Queensland’s health authorities have admitted to “significant failings” which led to the “preventable” death of a man with an intellectual disability at a hospital on the Gold Coast.
Stewart Kelly, 45, died at Robina Hospital in August 2022 after being admitted 33 days earlier for an unknown medical condition.
Mr Kelly, who also lived with autism, had developed severe anxiety earlier in the year which affected his eating, and caused rapid weight loss.
He eventually died of starvation and dehydration.
Mr Kelly’s family expected him to be treated for his mental health issues, but he never received treatment, his family told A Current Affair.
Gold Coast Hospital and Health Service chief executive Ron Calvert on Wednesday said the hospital “should have done better.”
“We acknowledge that there were significant failings in this patient’s care,” Mr Calvert said.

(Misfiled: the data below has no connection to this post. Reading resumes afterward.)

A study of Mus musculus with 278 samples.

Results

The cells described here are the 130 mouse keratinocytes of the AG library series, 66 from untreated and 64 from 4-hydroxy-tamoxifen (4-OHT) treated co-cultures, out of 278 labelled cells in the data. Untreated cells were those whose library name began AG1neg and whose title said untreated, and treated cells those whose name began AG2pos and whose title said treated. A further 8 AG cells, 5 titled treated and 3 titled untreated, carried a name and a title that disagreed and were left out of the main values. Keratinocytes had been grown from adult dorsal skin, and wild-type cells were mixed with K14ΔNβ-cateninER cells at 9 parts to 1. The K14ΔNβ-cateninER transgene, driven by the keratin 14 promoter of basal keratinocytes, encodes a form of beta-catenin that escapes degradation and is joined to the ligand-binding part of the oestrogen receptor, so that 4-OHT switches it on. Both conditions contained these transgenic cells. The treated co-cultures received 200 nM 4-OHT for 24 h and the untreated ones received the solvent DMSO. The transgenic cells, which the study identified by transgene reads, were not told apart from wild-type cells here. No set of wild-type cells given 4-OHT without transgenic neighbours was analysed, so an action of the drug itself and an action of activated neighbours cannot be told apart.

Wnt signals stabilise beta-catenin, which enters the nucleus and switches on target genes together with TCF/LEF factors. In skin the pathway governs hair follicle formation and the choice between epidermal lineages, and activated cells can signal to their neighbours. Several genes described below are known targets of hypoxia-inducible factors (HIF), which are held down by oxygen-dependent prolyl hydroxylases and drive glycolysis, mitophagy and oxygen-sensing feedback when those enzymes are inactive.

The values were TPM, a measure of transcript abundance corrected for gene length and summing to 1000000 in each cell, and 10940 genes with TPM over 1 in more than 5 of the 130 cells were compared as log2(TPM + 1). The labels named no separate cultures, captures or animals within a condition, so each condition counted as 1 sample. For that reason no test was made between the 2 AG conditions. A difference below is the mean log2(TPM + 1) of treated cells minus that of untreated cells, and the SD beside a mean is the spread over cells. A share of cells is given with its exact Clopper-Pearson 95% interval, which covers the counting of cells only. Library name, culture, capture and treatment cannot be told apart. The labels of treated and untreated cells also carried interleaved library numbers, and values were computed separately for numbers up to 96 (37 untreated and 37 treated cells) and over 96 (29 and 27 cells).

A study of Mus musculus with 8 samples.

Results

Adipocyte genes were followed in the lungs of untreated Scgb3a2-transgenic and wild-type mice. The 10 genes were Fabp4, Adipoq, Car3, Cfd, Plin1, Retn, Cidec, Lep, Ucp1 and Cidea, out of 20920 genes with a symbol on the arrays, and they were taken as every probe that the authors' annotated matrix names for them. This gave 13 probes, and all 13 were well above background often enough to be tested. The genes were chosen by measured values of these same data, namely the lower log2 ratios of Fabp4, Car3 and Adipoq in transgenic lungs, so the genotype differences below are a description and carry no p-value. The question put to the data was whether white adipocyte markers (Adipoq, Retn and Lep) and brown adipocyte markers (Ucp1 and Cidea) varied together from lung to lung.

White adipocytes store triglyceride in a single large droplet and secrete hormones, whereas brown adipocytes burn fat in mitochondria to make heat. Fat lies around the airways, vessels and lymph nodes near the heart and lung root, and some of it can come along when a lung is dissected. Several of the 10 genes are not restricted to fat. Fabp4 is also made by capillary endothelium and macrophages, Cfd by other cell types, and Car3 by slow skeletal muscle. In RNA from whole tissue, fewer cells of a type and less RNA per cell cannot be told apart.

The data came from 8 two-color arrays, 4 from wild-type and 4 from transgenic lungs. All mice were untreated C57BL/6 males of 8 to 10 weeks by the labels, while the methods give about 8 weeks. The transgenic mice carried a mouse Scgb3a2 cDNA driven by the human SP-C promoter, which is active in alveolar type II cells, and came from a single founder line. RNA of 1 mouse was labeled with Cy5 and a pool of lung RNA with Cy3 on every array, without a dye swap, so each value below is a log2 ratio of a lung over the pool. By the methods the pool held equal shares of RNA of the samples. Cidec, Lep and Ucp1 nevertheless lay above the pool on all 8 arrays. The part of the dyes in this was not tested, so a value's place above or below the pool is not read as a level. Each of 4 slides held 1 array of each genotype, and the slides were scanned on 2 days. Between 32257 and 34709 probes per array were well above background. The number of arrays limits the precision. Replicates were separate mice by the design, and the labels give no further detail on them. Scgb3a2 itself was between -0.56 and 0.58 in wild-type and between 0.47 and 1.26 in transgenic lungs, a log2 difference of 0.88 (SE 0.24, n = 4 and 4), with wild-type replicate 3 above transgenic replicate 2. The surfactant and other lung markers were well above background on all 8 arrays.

“I do believe his death was preventable and I offer my unreserved apologies to his family for this.”
Mr Kelly’s mother Ann Jeffery told A Current Affair her son “was cheated of 40 more years of his life.”
“I felt the joy had gone out of my life. I felt that he had been left to die possibly because of his disability,” Mrs Jeffrey said.
A Gold Coast Health spokesperson said there had been “significant changes in practice” following Mr Kelly’s death.
“We’re committed to implementing all the recommendations from the (Root Cause Analysis) report and to learning the lessons necessary to better support patients who are neuro-diverse or who have a disability,” the spokesperson said.
“Over the past three years, Robina’s Hospital Standardised Mortality Rate (HSMR) has averaged 99.6 compared to a peer group average of 113.6 (lower being a better result than peer group hospitals).”
The Hospital Standardised Mortality Rate (HSMR) for Robina Hospital for 2023 (up to and including August, which is the latest period for which comparison figures are available) is 79.9, against a peer group average of 100.